1920, the second book in Haig Tahta’s projected
trilogy, chronicles the impending fall of the Ottomans
and explores the circumstances and atmosphere of Constantinople
during the British occupation of the city from 1920 to
1922. It carries forward the same characters from Mr. Tahta’s
first novel, April 1915, set in the Ottoman Empire at a
critical moment following its fateful decision to join
the Great War in November 1914.
an Armenian girl, and Selim, a Turk, are impossibly in love.
Their relationship, much more difficult and problematic than
Romeo and Juliet, develops and unfolds during the Greco-Turkish
War, reaching its shocking climax in the burning of Smyrna.
An historical novel of deep insight and high passions, Constantinople
1920 brings to focus a time which echoed throughout the world
and set in train events that would engulf Europe in flames
a few decades later. Written with a rare sense of humanity
and peopled with a plethora of characters, bold, sensitive,
articulate and always fascinating, Constantinople 1920 is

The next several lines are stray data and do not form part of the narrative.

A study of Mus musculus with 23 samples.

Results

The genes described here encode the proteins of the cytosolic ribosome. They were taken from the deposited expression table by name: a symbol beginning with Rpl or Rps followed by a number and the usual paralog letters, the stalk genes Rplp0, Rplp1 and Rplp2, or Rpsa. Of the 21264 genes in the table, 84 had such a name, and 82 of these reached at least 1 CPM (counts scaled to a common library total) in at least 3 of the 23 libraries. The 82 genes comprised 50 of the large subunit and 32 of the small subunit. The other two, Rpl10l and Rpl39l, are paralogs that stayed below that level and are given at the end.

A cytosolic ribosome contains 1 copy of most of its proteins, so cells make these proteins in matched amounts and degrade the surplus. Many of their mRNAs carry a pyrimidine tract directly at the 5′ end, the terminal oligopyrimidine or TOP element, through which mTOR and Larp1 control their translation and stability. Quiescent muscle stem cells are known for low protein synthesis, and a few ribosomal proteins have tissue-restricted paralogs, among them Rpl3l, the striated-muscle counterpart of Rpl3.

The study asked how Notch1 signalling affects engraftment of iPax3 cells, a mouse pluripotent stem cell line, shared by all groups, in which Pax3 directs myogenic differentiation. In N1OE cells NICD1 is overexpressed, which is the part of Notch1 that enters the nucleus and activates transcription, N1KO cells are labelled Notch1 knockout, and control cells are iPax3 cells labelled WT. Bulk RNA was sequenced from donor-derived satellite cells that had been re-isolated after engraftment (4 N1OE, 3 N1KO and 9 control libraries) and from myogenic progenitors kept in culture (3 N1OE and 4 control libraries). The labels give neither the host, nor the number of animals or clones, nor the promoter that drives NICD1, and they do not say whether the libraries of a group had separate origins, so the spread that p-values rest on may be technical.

that rare novel of ideas and drama that appeals to both the
heart and the intellect.
Tahta was born in Manchester of Armenian parents who came to
England in the 1920s from Constantinople. The connection with
Stamboul continued throughout his formative years when long
holidays were taken there with his large extended family. Inevitably,
he attained his degree in Modern History at Oxford where he
specialized in “the Eastern Question.” On leaving
Oxford, he became a lawyer, remaining in that profession for
forty years. During his working life he took a strong interest
in the Armenian disaspora. Along with his brother, Dick Tahta,
Haig translated the classic Armenian novel, Burning Orchards,
published by Black Apollo Press. The first novel of Haig’s
projected trilogy, April 1915, was published in 2005. Constantinople
1920 is the second in this series which follows the Avakian
family through the collapse of the Ottoman Empire.